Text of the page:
Norway and Mali's prime ministers witnessed the deal for 33MW project in Mali (Credit: Scatec Solar)
Scatec Solar has gained ground with various utility-scale projects worldwide, including a major scheme in Ukraine that lies now under construction.
The Norwegian developer said this week EPC PowerChina Guizhou Engineering has started building the 148MW Progressovka project, at a site in southern Ukraine.
A two-year facility from PowerChina will finance 65% of the plant’s €124 million (US$138 million) capex costs. Talks to secure long-term debt funding are “advanced”, Scatec Solar explained.
Progressovka, the firm said, will be backed with ten-year feed-in tariffs. The utility-scale project is one of a series reaping government support before Ukraine transitions to deregulated auctions.
Second bifacial batch linked in Egypt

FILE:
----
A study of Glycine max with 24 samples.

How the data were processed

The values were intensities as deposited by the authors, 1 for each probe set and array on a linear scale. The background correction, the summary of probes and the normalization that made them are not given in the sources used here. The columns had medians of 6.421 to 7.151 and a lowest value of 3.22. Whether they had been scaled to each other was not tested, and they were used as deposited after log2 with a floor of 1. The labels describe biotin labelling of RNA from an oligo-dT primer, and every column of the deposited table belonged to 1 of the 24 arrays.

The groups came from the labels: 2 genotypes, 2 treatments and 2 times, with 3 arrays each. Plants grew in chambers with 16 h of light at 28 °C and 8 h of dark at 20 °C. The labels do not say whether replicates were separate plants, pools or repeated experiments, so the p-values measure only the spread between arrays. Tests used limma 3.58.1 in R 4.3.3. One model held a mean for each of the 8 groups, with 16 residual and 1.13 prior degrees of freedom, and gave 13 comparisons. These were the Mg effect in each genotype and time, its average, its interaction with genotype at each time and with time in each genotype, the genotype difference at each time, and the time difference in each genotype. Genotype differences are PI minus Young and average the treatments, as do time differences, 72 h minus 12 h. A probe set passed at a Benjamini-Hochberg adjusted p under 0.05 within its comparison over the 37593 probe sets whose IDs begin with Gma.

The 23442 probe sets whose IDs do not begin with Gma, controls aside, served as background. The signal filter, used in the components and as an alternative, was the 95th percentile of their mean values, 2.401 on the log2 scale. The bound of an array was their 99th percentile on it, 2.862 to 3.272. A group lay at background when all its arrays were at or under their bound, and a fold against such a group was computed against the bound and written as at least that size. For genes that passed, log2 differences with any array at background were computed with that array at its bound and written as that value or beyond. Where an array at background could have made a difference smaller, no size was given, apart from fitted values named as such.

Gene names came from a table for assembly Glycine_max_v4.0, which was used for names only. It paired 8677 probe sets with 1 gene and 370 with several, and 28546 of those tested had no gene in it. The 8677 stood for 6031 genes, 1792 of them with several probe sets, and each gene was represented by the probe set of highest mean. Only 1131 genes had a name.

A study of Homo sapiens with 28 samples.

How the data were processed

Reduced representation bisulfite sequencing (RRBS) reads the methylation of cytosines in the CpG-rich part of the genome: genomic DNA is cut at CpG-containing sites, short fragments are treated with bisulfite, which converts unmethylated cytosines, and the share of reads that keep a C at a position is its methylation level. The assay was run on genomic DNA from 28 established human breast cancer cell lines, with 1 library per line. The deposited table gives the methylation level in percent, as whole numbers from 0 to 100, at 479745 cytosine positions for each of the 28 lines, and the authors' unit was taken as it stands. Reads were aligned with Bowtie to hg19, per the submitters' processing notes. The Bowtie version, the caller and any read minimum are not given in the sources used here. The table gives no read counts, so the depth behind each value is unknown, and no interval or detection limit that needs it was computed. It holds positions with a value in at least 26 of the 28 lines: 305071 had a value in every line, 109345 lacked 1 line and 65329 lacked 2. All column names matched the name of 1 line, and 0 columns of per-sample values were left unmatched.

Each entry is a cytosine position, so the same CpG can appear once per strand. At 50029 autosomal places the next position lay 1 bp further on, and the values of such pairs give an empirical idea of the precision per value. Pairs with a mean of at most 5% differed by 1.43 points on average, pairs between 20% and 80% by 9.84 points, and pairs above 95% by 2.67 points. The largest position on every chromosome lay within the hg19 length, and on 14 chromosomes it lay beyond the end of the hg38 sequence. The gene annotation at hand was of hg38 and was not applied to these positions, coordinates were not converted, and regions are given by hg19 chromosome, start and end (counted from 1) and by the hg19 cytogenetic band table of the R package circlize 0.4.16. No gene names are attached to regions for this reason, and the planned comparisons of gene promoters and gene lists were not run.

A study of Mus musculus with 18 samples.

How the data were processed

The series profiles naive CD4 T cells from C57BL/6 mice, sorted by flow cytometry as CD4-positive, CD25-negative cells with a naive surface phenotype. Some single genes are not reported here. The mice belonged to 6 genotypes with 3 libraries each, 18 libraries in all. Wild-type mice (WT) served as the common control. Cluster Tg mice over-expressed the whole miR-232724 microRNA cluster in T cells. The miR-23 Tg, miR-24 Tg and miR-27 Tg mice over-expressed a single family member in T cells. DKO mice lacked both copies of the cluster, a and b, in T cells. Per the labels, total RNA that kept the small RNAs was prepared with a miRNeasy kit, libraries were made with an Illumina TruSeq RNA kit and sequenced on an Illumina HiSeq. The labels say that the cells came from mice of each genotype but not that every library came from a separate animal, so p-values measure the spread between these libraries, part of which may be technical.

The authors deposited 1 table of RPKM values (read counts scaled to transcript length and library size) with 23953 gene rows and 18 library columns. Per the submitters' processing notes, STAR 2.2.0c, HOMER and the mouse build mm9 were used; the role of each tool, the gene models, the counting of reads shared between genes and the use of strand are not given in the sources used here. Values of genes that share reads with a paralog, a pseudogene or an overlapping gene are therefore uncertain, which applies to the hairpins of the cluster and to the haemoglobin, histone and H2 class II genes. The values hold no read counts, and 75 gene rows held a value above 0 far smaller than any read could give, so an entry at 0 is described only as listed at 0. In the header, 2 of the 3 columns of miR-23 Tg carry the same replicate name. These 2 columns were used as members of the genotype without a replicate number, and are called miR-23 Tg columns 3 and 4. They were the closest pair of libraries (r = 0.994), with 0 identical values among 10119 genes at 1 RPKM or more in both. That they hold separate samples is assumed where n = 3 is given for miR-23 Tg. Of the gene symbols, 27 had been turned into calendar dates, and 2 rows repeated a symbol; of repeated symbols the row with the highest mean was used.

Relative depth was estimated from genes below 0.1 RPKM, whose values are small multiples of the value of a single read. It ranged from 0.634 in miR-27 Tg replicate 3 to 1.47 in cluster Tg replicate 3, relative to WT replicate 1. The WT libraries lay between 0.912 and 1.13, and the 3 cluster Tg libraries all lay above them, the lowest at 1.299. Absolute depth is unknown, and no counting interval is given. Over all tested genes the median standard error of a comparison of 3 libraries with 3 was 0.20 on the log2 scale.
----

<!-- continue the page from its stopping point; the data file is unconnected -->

Scatec Solar’s latest moves have taken its PV pipeline to 500MW in Ukraine, with 1.7GW installed across the European country, Brazil and eight other nations.
The firm confirmed this week its first-ever bifacial venture is now one-third complete, with 130MW of the targeted 400MW total already operational in Egypt.
The two units, the first of a total six, feature LONGi bifacial panels backed by the EBRD. In March, the development financier walked PV Tech through its reasons to fund the emerging PV technology.
The six plants at Benban, set to require total funding of US$450 million, will be backed through 25-year PPAs with the Egyptian government.
Prime ministers witness Mali project deal signing
Across the Sahara Desert, in Mali capital Bamako, top government figures gathered last Friday to rubberstamp a new agreement for another of Scatec Solar’s projects.
Norwegian prime minister Erna Solberg and her Malian counterpart Soumeylou Boubèye Maïga witnessed the signing of a deal for a 33MW scheme in Ségou, by the banks of River Niger.
Scatec Solar will build and handle O&M for the PPA-backed 57GWh project, designed to cover 5% of all of Mali’s electricity needs.
Construction will be funded by Norway’s development agency Norad, as well as the African Development Bank and the World Bank’s International Finance Corporation.